President Trump heads into his first State of the Union speech with lousy approval numbers across much of the country — but remains fairly popular in a few states with tough Senate races next fall.
That’s according to a bevy of state-level polling Gallup released Tuesday, combining data the firm collected from surveys conducted throughout the last year.
Trump has majority approval rating in just 12 states — but three of those have Democratic senators up for reelection next fall, including the two states where Trump’s numbers are the best, West Virginia and North Dakota. He’s also above water in Montana, as well as in Tennessee, where Democrats hope they might be able to seriously contest an open Senate seat.
These numbers are crucial heading into this fall’s midterms. They’re also powering major strategic decisions with huge policy consequences — including how Democrats will handle ongoing negotiations to try to protect undocumented immigrants who came to the U.S. as children. Sen. Joe Manchin (D-WV) led the red-state Democratic charge to end the shutdown by threatening to retire if Senate leaders didn’t back down.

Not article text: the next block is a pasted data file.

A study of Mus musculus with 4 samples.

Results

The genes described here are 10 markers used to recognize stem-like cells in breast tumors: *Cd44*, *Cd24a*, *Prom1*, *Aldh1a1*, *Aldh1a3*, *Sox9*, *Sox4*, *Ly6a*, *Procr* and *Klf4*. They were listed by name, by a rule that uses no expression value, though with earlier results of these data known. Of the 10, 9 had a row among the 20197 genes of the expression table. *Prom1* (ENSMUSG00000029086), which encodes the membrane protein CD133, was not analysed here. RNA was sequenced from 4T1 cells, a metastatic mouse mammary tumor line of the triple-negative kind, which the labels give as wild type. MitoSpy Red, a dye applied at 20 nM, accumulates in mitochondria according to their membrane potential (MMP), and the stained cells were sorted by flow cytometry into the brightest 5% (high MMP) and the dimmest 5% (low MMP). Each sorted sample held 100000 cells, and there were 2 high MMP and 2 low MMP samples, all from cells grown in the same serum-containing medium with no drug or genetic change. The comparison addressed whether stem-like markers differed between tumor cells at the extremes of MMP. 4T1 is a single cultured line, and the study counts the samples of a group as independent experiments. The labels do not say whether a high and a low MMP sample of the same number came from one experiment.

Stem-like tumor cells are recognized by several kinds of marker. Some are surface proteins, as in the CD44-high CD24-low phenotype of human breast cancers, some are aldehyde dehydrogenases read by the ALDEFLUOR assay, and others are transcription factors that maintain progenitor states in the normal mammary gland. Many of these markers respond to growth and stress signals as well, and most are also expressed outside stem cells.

But these numbers are plenty bleak for Republicans.
Trump’s overall approval rating for his first year in office was a dismal 38 percent, according to Gallup, the lowest first-year numbers in the polling firm’s long history of surveying presidential approval. If he doesn’t bounce back significantly Republicans are likely to take a beating in the upcoming midterms. Crucially, in many red and swing states Democrats are hoping to hold onto this fall, his approval ratings are significantly lower than they were when he was first elected.
Slightly more people disapprove than approve of Trump’s job performance in Republican-leaning Missouri and Indiana, both of which have top-tier Senate races next fall, and his approval rating is 10 points lower than his disapproval rating in a bevy of states key to Senate control: Florida, Michigan, Wisconsin, Pennsylvania, Arizona and Nevada. In Texas, according to Gallup, Trump’s approval rating is at just 39 percent, with 54 percent disapproving, a number that should put a scare into Sen. Ted Cruz (R-TX) as he faces down reelection.
Those numbers are promising for Senate Democrats. But as they look to defend 10 Democrats in states Trump won and pick off two more Senate seats to take control of the chamber, there’s a reason why their strategy and messaging has diverged in recent weeks from their party’s liberal base.